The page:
This fall the Metropolitan Museum of Art has hosted an excellent exhibit in the Costume Institute: Death Becomes Her: A Century of Mourning Attire, about the mourning traditions of the Victorian era. When a coworker told me about, I about had a nerd-gasm, and Billy and I were traipsing up to the museum practically the next weekend. For anyone with an interest in historical fashion, it’s a must-see stop (but hurry! It’s only on display through February 1st!). The exhibit gave me lots of new inspiration for Moira in Unhallowed Metropolis, especially considerations of what to do with her fashion as she moves farther from the British culture that raised mourning to an art form.
The exhibit leads through over a century of mourning fashion, focusing heavily on women’s fashions, as women were expected to bear the brunt of mourning for the family. I focused on many of the fashions of the latter-half of the 19th century for my research for Moira, as the illustrations in the Unhallowed Metropolis book seem to draw from the narrower silhouettes of the time. These are just a handful of the photos I took – turns out black fashion is difficult to photograph on a cell phone in a dim room.
Traditionally widows were expected to remain in mourning for approximately four years, though as time went on etiquette allowed them to introduce grays, lavenders and mauves into their mourning wardrobe. The Mourners of Unhallowed Metropolis, of course, never move much past the first-stage as a rule. Being a widow of less than two years, Moira would undoubtedly still be in full mourning, even if she hadn’t chosen the drastic path of becoming a Mourner. Interestingly, siblings were only expected to mourn for six months, so Byron is sartorially well passed the official mourning stage. Parents may mourn as long as they feel disposed, and having lost both a son and a husband, Beatrix Clayton could be in any stage of mourning her conniving spirit deemed most beneficial to her. Special jewelry was produced in black stones, often with minimal lustre, as well as incorporating hair of the deceased in brooches and pendants. If Horatio’s death had left behind much of a body, Moira would certainly have kept a lock of his hair close to her heart.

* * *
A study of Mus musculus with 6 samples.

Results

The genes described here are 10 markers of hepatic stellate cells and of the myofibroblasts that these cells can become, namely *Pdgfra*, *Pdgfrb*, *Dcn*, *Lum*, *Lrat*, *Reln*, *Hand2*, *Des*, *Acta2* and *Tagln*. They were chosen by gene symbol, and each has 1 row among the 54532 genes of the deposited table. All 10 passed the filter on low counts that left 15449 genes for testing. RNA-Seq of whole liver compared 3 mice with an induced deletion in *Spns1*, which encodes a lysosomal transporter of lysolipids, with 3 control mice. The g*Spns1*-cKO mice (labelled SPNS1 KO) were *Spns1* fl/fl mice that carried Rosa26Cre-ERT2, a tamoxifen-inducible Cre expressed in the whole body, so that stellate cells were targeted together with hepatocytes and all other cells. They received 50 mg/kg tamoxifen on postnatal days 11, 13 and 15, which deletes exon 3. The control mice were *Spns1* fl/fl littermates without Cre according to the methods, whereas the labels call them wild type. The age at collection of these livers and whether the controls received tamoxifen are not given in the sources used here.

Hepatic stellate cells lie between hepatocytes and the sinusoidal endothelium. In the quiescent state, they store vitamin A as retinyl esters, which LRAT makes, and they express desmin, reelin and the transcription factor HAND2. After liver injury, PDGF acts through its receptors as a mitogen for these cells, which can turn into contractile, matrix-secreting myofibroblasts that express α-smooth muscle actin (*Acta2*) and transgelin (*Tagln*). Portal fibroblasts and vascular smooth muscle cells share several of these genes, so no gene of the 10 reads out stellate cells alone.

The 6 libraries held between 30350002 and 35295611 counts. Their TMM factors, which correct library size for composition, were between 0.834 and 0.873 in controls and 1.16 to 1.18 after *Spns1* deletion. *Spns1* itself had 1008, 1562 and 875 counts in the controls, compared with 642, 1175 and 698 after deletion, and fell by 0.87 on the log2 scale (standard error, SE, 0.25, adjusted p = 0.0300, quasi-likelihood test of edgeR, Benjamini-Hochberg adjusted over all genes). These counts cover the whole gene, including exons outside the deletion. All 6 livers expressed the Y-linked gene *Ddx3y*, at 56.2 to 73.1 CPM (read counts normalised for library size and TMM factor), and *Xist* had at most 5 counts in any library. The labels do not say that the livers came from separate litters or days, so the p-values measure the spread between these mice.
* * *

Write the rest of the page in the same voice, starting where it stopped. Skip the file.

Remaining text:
Perhaps most interesting, in terms of the alternate history of Unhallowed Metropolis, is what led to the end of extravagant mourning traditions. In World War I, mourning began to fall by the wayside for two reasons: an incredible number of young men were dying, and women were helping out in public life in great numbers – a duty that was hampered if they were expected to shun society while in deep mourning. The history of Unhallowed Metropolis takes the exact opposite tactic, having a society in shambles cling ever tighter to frivolous traditions, and even elevate it to a martial art for a select few.
I chose to play a Mourner because “ninja nun” sounded pretty bad ass, and a class predominantly made of women in a setting built on an era that had tense relations with women intrigued me. Delving deeper into the class, the setting, and my particular character, has been a treat, even as my own bent for historical research has illuminated the poetic license the source material takes (as they should! If there are zombies, I can certainly handle changes in historical costuming). As the Unhallowed Metropolis crew continues its world tour into dangerous territories, I’m looking forward to continuing Moira’s own brand of diplomacy, expanding beyond her beloved exculpuses for a new diplomatic accessory.
How does fashion inform your own character choices?
Fandible.Com is now on Patreon! If you enjoy our weekly blog posts and actual play podcasts, please consider supporting us.